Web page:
PF thinks the traditional translations of the Oratio Dominica need to be changed. Lead us not into temptation displeases him. Why should God lead people into temptation to sin? Obviously, this must be a Bad Translation. Would May we not be led into temptation be better?
Fundamentalist traddies are likely to be outraged. Changing the Our Father!!!!!
Although of course I am a Rigid Pharisee, I am not that sort of fundamentalist. The Lord's Prayer contains a number of mysteries. Let me go off at a tangent and give you an example from elsewhere in the Prayer. Let me tell you about Give us this day our Daily Bread. The Greek word translated Daily is particularly mysterious. Epiousion is pretty well a hapax legomenon (a Greek word occurring only once) and Origen remarked that you never heard it used in his time. It looks as though it should be related to epiouse, which means coming. Put that together with hemera (day) and it would mean our bread of the coming day, and S Jerome knew of a Hebrew Gospel which did indeed render it by mahar, of tomorrow. Might it mean the Bread of the Kingdom? Might it mean the eschatological Food, tomorrow's Bread which we are allowed to receive today ... i.e. the Blessed Sacrament? Or might epiousion mean supersubstantial? Etymologically, it could do so. And so on. Far from finding my Faith disturbed, I find such questions exhilarating. If you wanted to go further, you could compare the Lucan version of the Our Father with S Matthew's. TheTradition, in all its breadth, gives us such riches upon which to meditate ...
Despite the different possible interpretations of parts of this Prayer, if I were a person of immense authority, I would not choose to use my power to change one single inherited rendering. My first reason for not doing so would be that I am profoundly aware that I am not infallible. And that a rendering which appealed to me 100% today might no longer do so in a year's time. And it is worth remembering that the Church has got along for two millennia without prescribing to us what meaning we should each attach to the words of this prayer. Two Millennia of hermeneutical freedom ... until we reached the Age of Mercy, the Aetas Bergogliana. Now, it seems, we need to be tied down to those particular interpretations and meanings which appeal to this particular, all-wise, pope.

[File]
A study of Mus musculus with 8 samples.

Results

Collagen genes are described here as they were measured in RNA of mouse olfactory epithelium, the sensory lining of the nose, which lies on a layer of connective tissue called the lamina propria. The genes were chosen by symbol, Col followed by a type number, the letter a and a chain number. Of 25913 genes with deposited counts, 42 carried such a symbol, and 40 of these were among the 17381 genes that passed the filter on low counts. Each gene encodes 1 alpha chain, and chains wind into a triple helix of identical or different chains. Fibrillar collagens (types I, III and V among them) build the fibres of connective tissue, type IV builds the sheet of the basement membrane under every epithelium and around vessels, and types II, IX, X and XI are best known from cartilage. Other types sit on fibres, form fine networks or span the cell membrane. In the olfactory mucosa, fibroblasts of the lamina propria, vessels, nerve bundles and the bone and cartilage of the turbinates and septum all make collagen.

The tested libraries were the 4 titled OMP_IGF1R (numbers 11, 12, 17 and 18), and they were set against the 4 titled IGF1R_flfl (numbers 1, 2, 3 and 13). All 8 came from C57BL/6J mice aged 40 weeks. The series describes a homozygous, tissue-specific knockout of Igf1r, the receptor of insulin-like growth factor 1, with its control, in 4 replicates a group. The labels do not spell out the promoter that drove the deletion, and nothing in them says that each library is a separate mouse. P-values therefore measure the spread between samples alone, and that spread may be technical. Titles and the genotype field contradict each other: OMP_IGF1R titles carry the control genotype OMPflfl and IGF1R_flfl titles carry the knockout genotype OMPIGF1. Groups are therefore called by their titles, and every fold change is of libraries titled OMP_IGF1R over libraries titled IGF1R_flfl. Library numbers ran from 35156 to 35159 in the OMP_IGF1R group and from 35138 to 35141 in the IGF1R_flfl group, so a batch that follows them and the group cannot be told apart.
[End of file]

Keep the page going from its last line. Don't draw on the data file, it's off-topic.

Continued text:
It's almost as if PF has decided to give a big plug to the recent e-book, The Dictator Pope by Professor Marcantonio Colonna, about which I wrote a few days ago.
And let me make this clear: the Greek original and its Latin version do not mean what PF wants them to mean. Anybody who claims that they do, is either ignorant or dishonest. PF's proposal is not a translation, but an alteration. But I'll return, D v, to that tomorrow. (I'm afraid it has occurred to me that all this might be a ploy to provoke yet another disagreement with Cardinal Sarah, with the intention of finally getting rid of him. After all, PF is suggesting that a change be made in liturgical texts which involves eliminating the actual words of what the Greek and Latin and Syrian bibles say the Lord actually said, and replacing them with what a twenty-first century Roman Bishop says he prefers. It is Cardinal Sarah's job, quite frankly, to resist the imposition of a gratuitous mistranslation of an authorised original.)
My second reason for making no change is pastoral. Back in the 1970s, we in the Church of England did indeed experiment with 'modern' translations of the Pater noster. Those experimental forms are now, I think, rarely used. The reason is: the clergy discovered that among infrequent church-goers, including the house-bound sick and elderly, and those attending Baptisms, Weddings, and Funerals, and the Midnight Mass brigade, the Lord's Prayer was the only formula they knew. Any other liturgical memories they had lingering from their childhoods had been rendered out-of-date by the liturgical revolutions of the 1960s. Was it 'pastoral' to deprive such people of the only remaining bit of a worship-experience which was in the least familiar to them ... which had any sort of purchase upon their memories? So most of us just changed Our Father which ... into Our Father who ... , and left it at that.
Incidentally, the 'modern language' Anglican version ... in case you were wondering ... finds no problems whatsoever in the phrase which makes PF and, we gather, some French and Italian bishops, lose so much sleep.
We were right not to meddle.
(Concludes tomorrow, by examining Lead us not into temptation.)